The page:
What we're reading: Osama bin Laden's mother breaks her silence
Members of Osama bin Laden's family, including his mother, spoke with The Guardian's Martin Chulov, after nearly 17 years of silence since 9/11.
Context: Saudi Arabian "senior officials believe that, by allowing the bin Ladens to tell their story, they can demonstrate that an outcast – not an agent – was responsible for 9/11," per Chulov. Critics of Saudi Arabia have long claimed that the kingdom backed Osama bin Laden in his terrorism.
The family's reaction after learning of 9/11: “I don’t think I’m very proud of him as a man," his brother, Hassan, said. Upon learning he had become a terrorist, “we were extremely upset," his mother said. "I did not want any of this to happen. Why would he throw it all away like that?”
- The family tried to stop him from radicalizing, according to Saudi intelligence: "There were efforts by the family to dissuade him – emissaries and such – but they were unsuccessful," Prince Turki al-Faisal, who was the head of Saudi intelligence between 1977 and September 1, 2001, told Chulov.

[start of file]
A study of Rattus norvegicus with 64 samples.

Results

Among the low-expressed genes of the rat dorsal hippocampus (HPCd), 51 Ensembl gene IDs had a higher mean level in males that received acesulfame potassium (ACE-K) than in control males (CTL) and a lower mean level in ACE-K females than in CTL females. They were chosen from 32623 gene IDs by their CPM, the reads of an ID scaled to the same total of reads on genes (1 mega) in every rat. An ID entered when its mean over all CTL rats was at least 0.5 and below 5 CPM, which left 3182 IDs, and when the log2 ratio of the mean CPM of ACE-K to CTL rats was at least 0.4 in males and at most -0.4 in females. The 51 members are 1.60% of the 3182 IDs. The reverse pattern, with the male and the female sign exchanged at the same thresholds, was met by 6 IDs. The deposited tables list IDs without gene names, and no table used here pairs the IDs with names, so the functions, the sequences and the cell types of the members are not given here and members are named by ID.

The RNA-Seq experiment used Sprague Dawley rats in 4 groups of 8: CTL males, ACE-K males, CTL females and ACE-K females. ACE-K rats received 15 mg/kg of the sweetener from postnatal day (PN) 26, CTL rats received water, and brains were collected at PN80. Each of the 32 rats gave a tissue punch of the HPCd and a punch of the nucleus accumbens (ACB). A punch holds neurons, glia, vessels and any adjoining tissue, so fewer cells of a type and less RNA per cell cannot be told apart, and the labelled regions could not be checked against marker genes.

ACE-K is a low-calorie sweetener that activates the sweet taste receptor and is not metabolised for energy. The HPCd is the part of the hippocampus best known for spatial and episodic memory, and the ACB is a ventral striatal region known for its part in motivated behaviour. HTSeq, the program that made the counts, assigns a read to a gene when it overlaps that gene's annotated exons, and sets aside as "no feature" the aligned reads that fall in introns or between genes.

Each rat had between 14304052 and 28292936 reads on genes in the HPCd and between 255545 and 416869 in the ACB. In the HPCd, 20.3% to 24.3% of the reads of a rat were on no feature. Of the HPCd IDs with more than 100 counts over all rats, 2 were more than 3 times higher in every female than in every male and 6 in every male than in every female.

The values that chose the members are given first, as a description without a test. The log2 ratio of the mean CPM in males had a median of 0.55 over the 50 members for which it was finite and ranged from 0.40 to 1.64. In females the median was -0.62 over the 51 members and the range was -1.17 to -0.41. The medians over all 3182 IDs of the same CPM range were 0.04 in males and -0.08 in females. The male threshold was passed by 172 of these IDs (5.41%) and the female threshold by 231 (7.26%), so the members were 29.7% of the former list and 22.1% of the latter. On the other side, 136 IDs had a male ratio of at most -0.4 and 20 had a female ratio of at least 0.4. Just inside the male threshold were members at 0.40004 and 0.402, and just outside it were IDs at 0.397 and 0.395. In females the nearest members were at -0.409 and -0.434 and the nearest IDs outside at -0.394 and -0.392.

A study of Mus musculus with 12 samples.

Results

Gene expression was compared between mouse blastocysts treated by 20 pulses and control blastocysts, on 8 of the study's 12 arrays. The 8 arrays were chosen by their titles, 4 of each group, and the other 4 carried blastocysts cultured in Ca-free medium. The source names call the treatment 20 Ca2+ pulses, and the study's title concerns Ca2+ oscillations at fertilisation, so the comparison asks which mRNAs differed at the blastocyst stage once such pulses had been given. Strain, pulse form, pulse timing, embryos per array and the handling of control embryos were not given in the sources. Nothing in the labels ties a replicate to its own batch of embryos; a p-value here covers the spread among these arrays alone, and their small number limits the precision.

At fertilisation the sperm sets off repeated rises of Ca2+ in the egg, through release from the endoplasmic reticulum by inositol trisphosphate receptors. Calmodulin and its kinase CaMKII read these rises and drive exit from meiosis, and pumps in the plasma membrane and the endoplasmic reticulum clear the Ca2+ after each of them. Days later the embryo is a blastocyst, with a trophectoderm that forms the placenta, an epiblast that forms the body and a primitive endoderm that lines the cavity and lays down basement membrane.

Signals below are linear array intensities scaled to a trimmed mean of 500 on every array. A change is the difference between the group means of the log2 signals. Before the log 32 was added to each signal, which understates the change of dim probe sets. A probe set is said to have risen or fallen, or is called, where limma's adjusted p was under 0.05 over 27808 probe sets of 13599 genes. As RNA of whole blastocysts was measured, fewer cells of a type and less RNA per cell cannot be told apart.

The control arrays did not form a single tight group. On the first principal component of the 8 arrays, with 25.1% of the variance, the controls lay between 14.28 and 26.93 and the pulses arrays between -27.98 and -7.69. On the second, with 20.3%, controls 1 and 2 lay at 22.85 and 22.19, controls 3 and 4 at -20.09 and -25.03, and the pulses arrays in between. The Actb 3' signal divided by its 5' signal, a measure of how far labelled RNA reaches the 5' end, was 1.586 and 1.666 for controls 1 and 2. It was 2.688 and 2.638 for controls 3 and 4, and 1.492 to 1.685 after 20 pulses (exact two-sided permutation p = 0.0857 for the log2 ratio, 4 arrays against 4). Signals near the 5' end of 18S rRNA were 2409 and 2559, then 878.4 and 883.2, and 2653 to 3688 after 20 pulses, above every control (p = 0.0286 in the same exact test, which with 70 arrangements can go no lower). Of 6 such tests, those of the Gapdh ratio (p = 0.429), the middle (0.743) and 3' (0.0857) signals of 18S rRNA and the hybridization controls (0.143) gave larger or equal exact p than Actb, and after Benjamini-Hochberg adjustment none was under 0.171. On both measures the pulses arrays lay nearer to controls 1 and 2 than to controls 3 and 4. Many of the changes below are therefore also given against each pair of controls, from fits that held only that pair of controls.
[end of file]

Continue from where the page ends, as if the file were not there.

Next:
- “He was a very good child until he met some people who pretty much brainwashed him in his early 20s," his mother said. "I would always tell him to stay away from them, and he would never admit to me what he was doing, because he loved me so much.”
- Osama bin Laden's brother Ahmad said his mother "loved him so much and refuses to blame him. Instead, she blames those around him."
On how Osama bin Laden radicalized: “There are two Osama bin Ladens...One before the end of the Soviet occupation of Afghanistan, and one after it," the prince explained. "Before, he was very much an idealistic mujahid. He was not a fighter...He developed a more political attitude from 1990…He used to fax statements to everybody. He was very critical."
On why Osama bin Laden radicalized: "It was probably his feeling that he was not taken seriously by the government," the prince said.
- Saudi intelligence knew something was going to happen before 9/11: Turki told Chulov, “in the summer of 2001, I took one of the warnings about something spectacular about to happen to the Americans, British, French and Arabs. We didn’t know where, but we knew that something was being brewed.”
Osama bin Laden's sister, Fatima al-Attas, was in Paris and did not attend the interview and opposed her mother interviewing.
Hamza, bin Laden’s son, who the U.S. designated as a “global terrorist” last year, is thought to be in Afghanistan.
If Hassan could speak to Hamza, he would say: “God guide you. Think twice about what you are doing. Don’t retake the steps of your father. You are entering horrible parts of your soul.”